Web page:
In the days following , Fridley Police Chief Don Abbott asked city staff members for one word to describe the late member of their “police family.”
Abbott shared what he heard with family members, neighbors, friends, police officers, firefighters and other first responders :
“Do you know what the number one response was? 'Smile.' Something about his smile. How deep it was, how warm it was and how genuine it was.”
Hundreds Celebrate 'Panks'
involving no other vehicles or pedestrians, only feet from his Plymouth home. The Plymouth Police Department's investigation into the incident continues.
Hundreds gathered at in Long Lake to celebrate the life of Barry Pankonin—or “Panks,” as some called him. Law enforcements officers from Plymouth, Fridley, New Brighton, Anoka and the Hennepin County Sheriff’s Office attended the service.
Paramedics and fire and rescue staff also filled Trinity Lutheran Church in Long Lake. Also in attendance were Minnesota Department of Public Safety Commissioner Mona Dohman, Fridley Mayor Scott Lund and Fridley City Council Member Delores Varichak.
Special ceremonies, including a flag folding, were conducted by members of the Minnesota Law Enforcement Memorial Association Honor Guard, the Anoka County Sheriff’s Office Honor Guard, the Hennepin County Sheriff’s Office Honor Guard and the Minnesota Army National Guard.
Pankonin was a veteran of the National Guard in addition to his 12 years of service with the Fridley Police Department. He was the first active-duty Fridley police officer to die on- or off-duty in at least the last two decades.
'A Bright Light'
Pankonin’s ability to see the good in others—even when dealing with “the bad” in crime in his job as a police officer—was inspiring, several speakers at the memorial service said.
“His eyes were always open, looking out on the horizon for the next opportunity to make someone smile,” said Trinity Lutheran Church Pastor Brian Fragodt, from what he learned from Pankonin’s family and friends in the last few days. “That takes a special gift to live in the moment, yet always look forward to the next best thing—the moment to make people laugh and smile.”
Family members and colleagues said Pankonin always knew how to make almost everything fun and exciting. Words about Barry—"genuine," "dedicated," "honest," "kind," "compassionate," “a bright light," "a stand-up guy," "an all-American kid”—were repeated throughout the ceremony.
His personality inspired people to laugh, Abbott said. These same words and phrases about Pankonin were mentioned “from every corner of Fridley City Hall,” he said of his talks with employees around the city of Fridley.
'Focused on the Moment'
Many in attendance cited the times Pankonin, born in rural Redwood Falls, MN, inspired in them a love of country living—and how they taught Pankonin to love the city life. (He was a loyal Minnesota Vikings fan.)
Pankonin called his mother every day to chat, Pastor Fragodt said. One day she asked him why he sounded so winded over the phone, and he answered, “I was chasing a robber.”* Those in the church bursted with laughter.
“He had such a unique ability be so focused on the moment, so right there, yet look so forward," Frogodt said.
Brother-in-law Charlie Drummond read aloud letters from family members at the funeral.
In a letter to Pankonin after his death, Pankonin’s partner Scott Stevenson wrote that, like his mom always said: “When someone is as amazing as Barry, you don’t get to have them for that long.” (Pankonin died at the age of 38.)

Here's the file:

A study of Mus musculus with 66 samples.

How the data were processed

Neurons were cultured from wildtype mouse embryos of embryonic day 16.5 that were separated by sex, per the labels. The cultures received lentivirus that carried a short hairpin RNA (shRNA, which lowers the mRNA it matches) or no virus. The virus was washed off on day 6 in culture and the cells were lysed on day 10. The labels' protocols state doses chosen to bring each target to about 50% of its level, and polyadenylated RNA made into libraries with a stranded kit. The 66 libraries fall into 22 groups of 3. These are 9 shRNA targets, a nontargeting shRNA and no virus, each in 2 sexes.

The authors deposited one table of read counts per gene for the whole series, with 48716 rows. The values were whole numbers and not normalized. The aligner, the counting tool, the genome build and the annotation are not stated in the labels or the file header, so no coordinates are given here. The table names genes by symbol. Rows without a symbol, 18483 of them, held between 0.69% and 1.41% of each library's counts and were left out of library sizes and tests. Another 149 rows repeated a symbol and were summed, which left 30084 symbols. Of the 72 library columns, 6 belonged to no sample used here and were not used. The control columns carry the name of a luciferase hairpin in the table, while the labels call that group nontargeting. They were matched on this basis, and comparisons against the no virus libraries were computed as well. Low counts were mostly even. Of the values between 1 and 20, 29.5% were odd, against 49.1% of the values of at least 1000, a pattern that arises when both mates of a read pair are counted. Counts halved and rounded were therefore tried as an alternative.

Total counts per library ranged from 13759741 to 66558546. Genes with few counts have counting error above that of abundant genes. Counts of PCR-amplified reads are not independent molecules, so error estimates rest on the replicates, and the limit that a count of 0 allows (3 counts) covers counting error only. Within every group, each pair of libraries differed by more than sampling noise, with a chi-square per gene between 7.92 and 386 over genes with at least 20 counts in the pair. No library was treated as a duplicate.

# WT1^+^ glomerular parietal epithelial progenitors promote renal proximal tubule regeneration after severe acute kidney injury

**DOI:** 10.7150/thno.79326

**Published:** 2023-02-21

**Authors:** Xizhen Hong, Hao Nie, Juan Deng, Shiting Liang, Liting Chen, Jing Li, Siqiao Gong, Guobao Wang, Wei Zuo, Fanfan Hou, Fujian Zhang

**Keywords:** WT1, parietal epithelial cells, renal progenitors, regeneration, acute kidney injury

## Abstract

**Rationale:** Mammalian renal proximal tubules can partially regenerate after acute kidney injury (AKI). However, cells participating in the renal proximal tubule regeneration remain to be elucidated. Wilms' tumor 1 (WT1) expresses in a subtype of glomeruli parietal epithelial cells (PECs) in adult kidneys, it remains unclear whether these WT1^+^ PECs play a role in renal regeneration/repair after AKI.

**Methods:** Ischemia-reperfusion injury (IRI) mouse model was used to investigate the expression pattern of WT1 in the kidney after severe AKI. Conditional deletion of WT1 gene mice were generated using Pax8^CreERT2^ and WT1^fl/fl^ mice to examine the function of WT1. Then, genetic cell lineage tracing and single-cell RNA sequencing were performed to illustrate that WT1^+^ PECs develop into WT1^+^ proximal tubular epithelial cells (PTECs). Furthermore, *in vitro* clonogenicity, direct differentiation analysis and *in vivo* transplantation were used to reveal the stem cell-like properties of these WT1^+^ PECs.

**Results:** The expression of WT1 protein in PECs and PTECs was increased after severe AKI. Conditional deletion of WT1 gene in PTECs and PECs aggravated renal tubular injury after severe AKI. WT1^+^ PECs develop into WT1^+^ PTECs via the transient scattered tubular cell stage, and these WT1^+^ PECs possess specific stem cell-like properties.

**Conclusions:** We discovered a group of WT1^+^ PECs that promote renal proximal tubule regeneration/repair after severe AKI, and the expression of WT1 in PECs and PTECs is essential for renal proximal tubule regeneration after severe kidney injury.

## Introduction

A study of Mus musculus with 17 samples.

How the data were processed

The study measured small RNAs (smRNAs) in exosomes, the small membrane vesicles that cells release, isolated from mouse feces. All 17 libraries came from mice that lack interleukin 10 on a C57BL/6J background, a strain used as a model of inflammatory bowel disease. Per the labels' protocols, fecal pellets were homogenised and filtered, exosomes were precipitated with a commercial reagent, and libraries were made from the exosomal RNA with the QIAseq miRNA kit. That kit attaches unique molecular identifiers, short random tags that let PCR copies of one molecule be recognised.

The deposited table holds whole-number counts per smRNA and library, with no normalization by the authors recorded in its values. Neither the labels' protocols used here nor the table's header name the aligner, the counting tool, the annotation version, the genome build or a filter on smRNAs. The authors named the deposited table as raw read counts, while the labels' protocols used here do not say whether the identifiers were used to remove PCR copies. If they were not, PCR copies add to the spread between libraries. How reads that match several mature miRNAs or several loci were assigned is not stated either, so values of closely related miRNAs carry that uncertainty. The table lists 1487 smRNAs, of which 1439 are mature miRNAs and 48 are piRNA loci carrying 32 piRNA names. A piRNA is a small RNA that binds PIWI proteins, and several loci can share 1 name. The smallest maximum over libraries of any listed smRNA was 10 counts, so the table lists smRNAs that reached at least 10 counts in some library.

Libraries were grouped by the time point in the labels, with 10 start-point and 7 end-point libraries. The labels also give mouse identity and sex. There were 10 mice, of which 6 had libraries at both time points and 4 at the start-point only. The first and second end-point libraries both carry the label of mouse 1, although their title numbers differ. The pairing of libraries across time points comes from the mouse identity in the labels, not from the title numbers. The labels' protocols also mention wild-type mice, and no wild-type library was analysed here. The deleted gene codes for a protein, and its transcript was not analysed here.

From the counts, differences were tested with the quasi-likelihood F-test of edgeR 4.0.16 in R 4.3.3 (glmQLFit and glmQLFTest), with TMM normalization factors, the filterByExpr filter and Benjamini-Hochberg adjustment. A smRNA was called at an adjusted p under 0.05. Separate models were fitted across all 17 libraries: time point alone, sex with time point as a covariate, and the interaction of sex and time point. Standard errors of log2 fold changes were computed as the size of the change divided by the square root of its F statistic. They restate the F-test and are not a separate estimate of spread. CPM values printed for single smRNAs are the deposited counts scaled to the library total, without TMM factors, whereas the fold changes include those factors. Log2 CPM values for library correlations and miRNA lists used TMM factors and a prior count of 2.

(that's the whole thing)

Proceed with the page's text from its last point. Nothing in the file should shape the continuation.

Seeing 'Uncle Barry' Meant Something Fun
Lessons from Pankonin that Fridley Police Officer (and Pankonin’s best friend) spoke about included: “Laughter is truly the best medicine; don’t sweat the small stuff; and dance as if nobody is watching, or as if everybody is watching.
“Don’t leave anything unsaid. He always let people know how much they meant to him,” Knight said.
Knight said that the two were like “twins separated at birth,” and described Pankonin through Knight’s children’s eyes.
“Seeing Uncle Barry meant that something fun and exciting was about to happen,” Knight said. “He was always the first to crack a joke, even if it was to make fun of himself, just to make people laugh.”
He Added a Dimension
Pankonin’s mother, Judy Pankonin, wrote in a letter to her late son of the impact he had on her and on many others.
“You added a dimension to my life to help me always respect others,” she wrote.
Jokes about Pankonin were shared throughout the memorial service, in memory of his ability to make others laugh.
“He’s a friend who has your back, but can always crack you up,” Frogodt said. “I can only imagine the number of laughs he created.”
Mentions of Pankonin’s “bad” dancing, his parties with “ugly” Christmas sweaters and his love of country music brought smiles across the room.
How He Lived
“In uniform, Barry looked like every cop wishes we looked,” Abbott said as many laughed.
Stevenson wrote in his letter to Pankonin that one day, they will rent a mobile home and have “God’s version of We Fest in Heaven.”
Abbott reminded those attending the memorial service to support each other in remembering Pankonin’s life, rather than his death:
“Let us not ask, 'Why did Barry die?' Let us instead work together to answer the question: Why did Barry live? ... It has been said that what makes a hero is not how they die, but how they live.”
Pankonin is survived by his partner, Scott Stevenson; his parents, Wayne and Judy Pankonin; his maternal grandmother, Norma Hart; his sisters, Christi (Frank) Jackson and Carrie (Phil) Pederson; his brother, Brand (Marcia) Pankonin; and nieces and nephews: Carlie, Cole and Jake Jackson; Mitchell, Maxwell and Mason Pankonin; and Emma and Eli Pederson.
*This quotation was slightly different in an earlier version of this article. Thank you to the family member who emailed a clarification.